This research note investigates the relationship between the yield curve (US 10-year less US 1-year constant-maturity treasury spread) and the Federal Funds Rate (monetary policy) on the future readings of the CBOE VIX index.

The 10’s vs. 1’s yield-curve and U.S recessions in the post-war era are displayed below, where it is clear that the nine recessions since 1956 were predicted by yield-curve inversion, with one false positive in 1966. The smallest lead-times to recession average 8 months, the median lead-time is 12 months and the longest lead-times average 20 months:

The Chicago Board Options Exchange (CBOE) Volatility Index, or VIX, is a real-time market index that represents the market’s expectation of 30-day forward-looking volatility. Derived from the price inputs of the S&P 500 index options, it provides a measure of market risk and investors’ sentiments.

The CBOE VIX and the Yield Curve relationship are displayed below:

The optimum correlation between the two is obtained when the Yield Curve is shifted forward in time by 136 weeks. This implies the yield curve *leads* the VIX by around 31-32 months:

The correlation between the VIX and the Yield curve inverted and shifted forward by 136 weeks is shown below. The r-squared of 0.3944 is not insignificant, but more interestingly we can observe that volatility *ramps up significantly* just pre *and* post both of the yield curve inversions we have on record for the analysis:

The CBOE VIX index data points are far less smooth than the yield curve data points. This begs the question as to what is the best correlation that can be achieved by smoothing the VIX as close as possible to the yield curve. The answer is obtained at 48 weeks averaging:

Below is the corresponding correlation scatter graph, showing just how significant the relationship is:

We can achieve much higher correlations by looking at longer-term trends and smoothing both the CBOE VIX and the yield curve so that we can find an optimum and a maximum correlation. The optimal correlation is the smallest amount of smoothing to achieve the highest correlation (so we minimize smoothing that removes movement detail) whereas the latter is simply the highest correlation we can find.

Here is the correlation scatter graph and smoothed time series for the optimal correlation:

Here is the correlation scatter graph and smoothed time series for the *highest* correlation:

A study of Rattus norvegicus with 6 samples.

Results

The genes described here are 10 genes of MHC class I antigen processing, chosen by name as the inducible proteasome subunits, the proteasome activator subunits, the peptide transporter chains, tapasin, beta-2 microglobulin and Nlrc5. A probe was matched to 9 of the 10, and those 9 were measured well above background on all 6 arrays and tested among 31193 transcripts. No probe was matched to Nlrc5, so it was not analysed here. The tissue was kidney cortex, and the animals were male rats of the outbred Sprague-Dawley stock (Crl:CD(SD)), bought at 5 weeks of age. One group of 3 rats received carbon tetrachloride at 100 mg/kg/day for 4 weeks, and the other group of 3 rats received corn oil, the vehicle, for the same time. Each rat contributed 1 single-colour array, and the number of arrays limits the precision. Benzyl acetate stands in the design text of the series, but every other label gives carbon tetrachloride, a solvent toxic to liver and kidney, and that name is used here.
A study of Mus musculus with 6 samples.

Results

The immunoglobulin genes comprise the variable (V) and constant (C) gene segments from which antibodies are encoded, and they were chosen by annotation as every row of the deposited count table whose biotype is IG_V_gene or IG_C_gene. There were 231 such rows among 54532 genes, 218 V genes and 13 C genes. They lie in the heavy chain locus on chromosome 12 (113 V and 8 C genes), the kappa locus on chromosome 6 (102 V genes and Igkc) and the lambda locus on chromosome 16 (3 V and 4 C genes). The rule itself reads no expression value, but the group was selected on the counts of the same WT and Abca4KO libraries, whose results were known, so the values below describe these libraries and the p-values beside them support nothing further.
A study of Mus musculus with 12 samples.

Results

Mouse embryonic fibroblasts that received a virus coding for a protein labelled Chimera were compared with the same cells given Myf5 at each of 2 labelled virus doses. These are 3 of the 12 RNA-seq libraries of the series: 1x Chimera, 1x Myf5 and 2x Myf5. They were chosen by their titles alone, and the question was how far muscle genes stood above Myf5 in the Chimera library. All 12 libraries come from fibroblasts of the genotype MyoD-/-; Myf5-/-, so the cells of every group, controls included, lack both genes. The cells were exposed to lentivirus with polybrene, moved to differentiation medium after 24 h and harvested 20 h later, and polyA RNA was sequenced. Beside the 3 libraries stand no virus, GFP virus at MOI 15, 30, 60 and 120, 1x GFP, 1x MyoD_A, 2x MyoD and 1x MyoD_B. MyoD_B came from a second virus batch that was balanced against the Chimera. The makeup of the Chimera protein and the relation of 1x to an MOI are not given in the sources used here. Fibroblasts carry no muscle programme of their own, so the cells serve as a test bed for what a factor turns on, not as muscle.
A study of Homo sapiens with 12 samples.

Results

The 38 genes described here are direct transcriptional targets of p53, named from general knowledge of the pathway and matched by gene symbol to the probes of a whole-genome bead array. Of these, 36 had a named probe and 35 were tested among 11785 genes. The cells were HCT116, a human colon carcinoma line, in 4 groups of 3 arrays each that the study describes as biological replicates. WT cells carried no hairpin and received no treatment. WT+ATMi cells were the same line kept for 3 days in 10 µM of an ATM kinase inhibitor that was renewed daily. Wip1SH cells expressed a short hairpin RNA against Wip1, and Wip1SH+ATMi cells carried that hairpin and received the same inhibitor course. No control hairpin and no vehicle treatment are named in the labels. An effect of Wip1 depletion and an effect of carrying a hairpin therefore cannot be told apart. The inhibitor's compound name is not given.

The yield curve also correlates well in the above fashion with other measures of stress, such as Kansas City Financial Stress Index, The Chicago Fed’s National Financial Conditions Index, Deutsche Bank’s own gauge of realized Forex volatility, the MOVE index, which measures bond-market volatility and other measures of financial conditions like the Corporate BAA-U.S. Treasury 10-year credit spread.

### Federal Funds Rate

The reasoning for these relationships is that as the business cycle starts peaking, the yield curve flattens, mainly as a result of tightening monetary policy which leads to the end of a business cycle. This leads to a spike in volatility as the stock market cycle also comes to an end. The chart below confirms this.

Although the correlation between the Fed Funds rate and VIX is much lower than the yield curve and VIX, the inflection points of changes to monetary policy can clearly be seen to be altering implied volatility trajectories:

The FED funds rate has been trending downwards over the last few decades. We can achieve even higher correlations if we de-trend the time-shifted FED Funds rate around its linear regression:

Whilst this correlation of 0.46 is lower than the 0.66 achieved between the 48-week average of VIX and the Yield Curve shifted by 132 weeks, we are still of the opinion that the FED rates and hence monetary policy are the root-cause of resulting yield curve slopes and future volatility.

Regardless if we look at the yield curve or monetary policy, the implied future direction of volatility is much higher than we are seeing now.